Teaching Young Children to Write Their Names

Best Practices Behind Teaching Capitals Letters First

An unfortunate myth is that young children, 3 & 4 years old, should learn to write their name with an initial capital letter followed by lowercase, rather than all capitals.  Research shows that to be incorrect and even detrimental, for several reasons.

 

First off, capital letters are made with just lines and curves so they are developmentally simpler, therefore children will have more success early on. The use of lines and curves to teach capital letter formation is seen in many places but was made popular by Jan Olson’s Handwriting Without Tears©.  Teaching uppercase before lowercase affords the younger children the time they need to develop critical perceptual-motor concepts. Teaching capitals first teaches young children the essential top-to-bottom stroke and builds confidence that they can learn to print (Taras, Brennan, Gilbert, & Reed, 2011).

 

Secondly, when children are expected to form lowercase letters before they are ready to follow the complex movement patterns they form life-long illegible motor habits.  (Asher, 2006; Sheffield, 1996) The more complex lowercase letters, which re-trace and shift directions, are sized differently, and put in differing spatial locations, are impossible for most preschool and even many beginning kindergarten children to execute.  No matter how excellent the instruction, not all five-year-olds have the underlying spatial temporal perceptions or visual motor skills to support learning lowercase  (Benbow, Hanft, & Marsh, 1992; Beery & Beery, 2010; Daly, Kelley, & Krauss 2003; Marr, Windsor, & Cermak, 2001).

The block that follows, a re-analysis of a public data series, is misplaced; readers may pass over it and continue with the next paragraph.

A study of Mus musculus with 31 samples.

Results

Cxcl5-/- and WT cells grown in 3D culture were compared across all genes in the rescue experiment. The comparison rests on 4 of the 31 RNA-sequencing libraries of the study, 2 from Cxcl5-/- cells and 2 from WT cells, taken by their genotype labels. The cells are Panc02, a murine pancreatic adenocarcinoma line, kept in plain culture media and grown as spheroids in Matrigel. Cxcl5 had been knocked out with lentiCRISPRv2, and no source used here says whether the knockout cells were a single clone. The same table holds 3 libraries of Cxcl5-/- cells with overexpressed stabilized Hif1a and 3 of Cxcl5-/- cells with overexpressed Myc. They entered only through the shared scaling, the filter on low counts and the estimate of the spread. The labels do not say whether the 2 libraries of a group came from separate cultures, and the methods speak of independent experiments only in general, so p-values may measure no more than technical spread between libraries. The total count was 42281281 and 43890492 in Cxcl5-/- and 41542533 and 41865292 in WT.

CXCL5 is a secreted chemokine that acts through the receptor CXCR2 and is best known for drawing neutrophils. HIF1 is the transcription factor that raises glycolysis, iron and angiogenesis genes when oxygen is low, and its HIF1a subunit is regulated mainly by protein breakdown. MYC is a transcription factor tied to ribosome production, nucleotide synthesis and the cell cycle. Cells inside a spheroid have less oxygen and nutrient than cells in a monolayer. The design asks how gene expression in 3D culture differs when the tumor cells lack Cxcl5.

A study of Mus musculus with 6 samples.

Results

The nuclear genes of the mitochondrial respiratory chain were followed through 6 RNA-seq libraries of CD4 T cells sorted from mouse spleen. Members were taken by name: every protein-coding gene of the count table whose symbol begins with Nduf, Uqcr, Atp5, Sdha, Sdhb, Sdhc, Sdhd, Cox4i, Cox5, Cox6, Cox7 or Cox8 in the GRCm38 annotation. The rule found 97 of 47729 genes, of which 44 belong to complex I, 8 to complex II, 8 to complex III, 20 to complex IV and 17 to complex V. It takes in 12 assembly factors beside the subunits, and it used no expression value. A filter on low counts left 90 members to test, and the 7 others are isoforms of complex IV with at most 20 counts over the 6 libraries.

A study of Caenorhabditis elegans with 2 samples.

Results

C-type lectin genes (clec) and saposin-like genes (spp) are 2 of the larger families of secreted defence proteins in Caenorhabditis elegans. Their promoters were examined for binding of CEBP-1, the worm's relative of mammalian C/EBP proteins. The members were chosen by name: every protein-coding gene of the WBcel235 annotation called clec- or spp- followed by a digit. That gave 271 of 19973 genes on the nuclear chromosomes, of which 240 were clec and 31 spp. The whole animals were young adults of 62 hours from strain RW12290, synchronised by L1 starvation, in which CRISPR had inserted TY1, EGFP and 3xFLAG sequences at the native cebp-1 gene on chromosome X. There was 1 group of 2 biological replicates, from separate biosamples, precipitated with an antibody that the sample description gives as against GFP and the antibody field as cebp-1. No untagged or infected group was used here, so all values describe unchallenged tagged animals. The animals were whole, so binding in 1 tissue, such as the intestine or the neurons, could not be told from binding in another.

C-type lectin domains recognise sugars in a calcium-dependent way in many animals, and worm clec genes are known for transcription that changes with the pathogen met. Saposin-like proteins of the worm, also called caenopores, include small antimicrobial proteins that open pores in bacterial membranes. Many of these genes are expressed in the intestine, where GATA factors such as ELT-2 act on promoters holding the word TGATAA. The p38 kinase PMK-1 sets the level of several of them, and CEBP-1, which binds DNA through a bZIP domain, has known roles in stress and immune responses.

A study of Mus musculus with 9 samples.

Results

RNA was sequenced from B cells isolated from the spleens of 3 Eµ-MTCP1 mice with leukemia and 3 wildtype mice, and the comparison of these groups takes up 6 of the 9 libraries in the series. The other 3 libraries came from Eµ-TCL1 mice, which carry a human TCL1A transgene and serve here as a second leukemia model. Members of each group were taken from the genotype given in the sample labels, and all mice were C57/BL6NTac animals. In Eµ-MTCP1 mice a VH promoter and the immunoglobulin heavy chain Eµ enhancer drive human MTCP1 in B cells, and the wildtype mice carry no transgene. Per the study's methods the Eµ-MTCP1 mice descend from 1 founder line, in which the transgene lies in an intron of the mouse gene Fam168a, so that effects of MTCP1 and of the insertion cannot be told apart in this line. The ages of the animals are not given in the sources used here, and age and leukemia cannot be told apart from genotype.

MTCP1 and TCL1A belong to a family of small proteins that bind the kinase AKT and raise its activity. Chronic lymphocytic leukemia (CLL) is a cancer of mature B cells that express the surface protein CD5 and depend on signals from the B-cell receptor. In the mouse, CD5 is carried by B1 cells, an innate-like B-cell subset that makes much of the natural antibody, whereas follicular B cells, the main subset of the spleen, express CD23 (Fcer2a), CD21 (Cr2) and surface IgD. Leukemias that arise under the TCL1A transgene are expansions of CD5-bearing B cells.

Thirdly, quality explicit instruction of lowercase when children are ready, typically in the 5th year, results in children naturally switching to lowercase use. Moving through a developmental sequence is healthy and supports later development.  Graham (1992; 2006) describes the difficult task teachers have in supporting children to un-learn incorrect and inefficient motor habits.  It is the practicing of errors (i.e., incorrect motor learning) that adds to the child’s and teacher’s workload.
As an Occupational Therapist, I know all too well about supporting children in unlearning ineffective handwriting habits.  Preventing detrimental habits that have a strong negative impact on lifelong writing fluency is what I am all about. I am passionate about bringing fun, engaging, and developmentally appropriate tools to teachers, parents, and therapists.
 This product is for preschool and beginning kindergarten children.  It is packed with activities that are loads of fun and target essential fine motor and perceptual skills. “I CAN MAKE MY NAME” is all about giving kids 5 and under  an easy and accessible way to construct their names with lines and curves.
For example, Pizzas curves and Pencil lines are cut [straight line cuts only] and are then glued onto a name frame.
Letter cards are used for sorting and partner tasks.
Posters can be used to help children look at and count the big and little lines in each letter.
 Children then make their own nine-page alphabet booklet where they count lines found in each letter.

I have found these skills to be pivotal for helping children to understand, remember, and then write letters.

 

In conclusion, just as we don’t expect toddlers to run until after they have mastered standing and walking, let’s not expect our preschool age children to write with lowercase until after they have mastered the handwriting basics of capitals!

  1. I had no idea that it's better for little ones to form capital letters first, that's probably because I'm used to Middle School Children. Very helpful information is here. Thanks for sharing.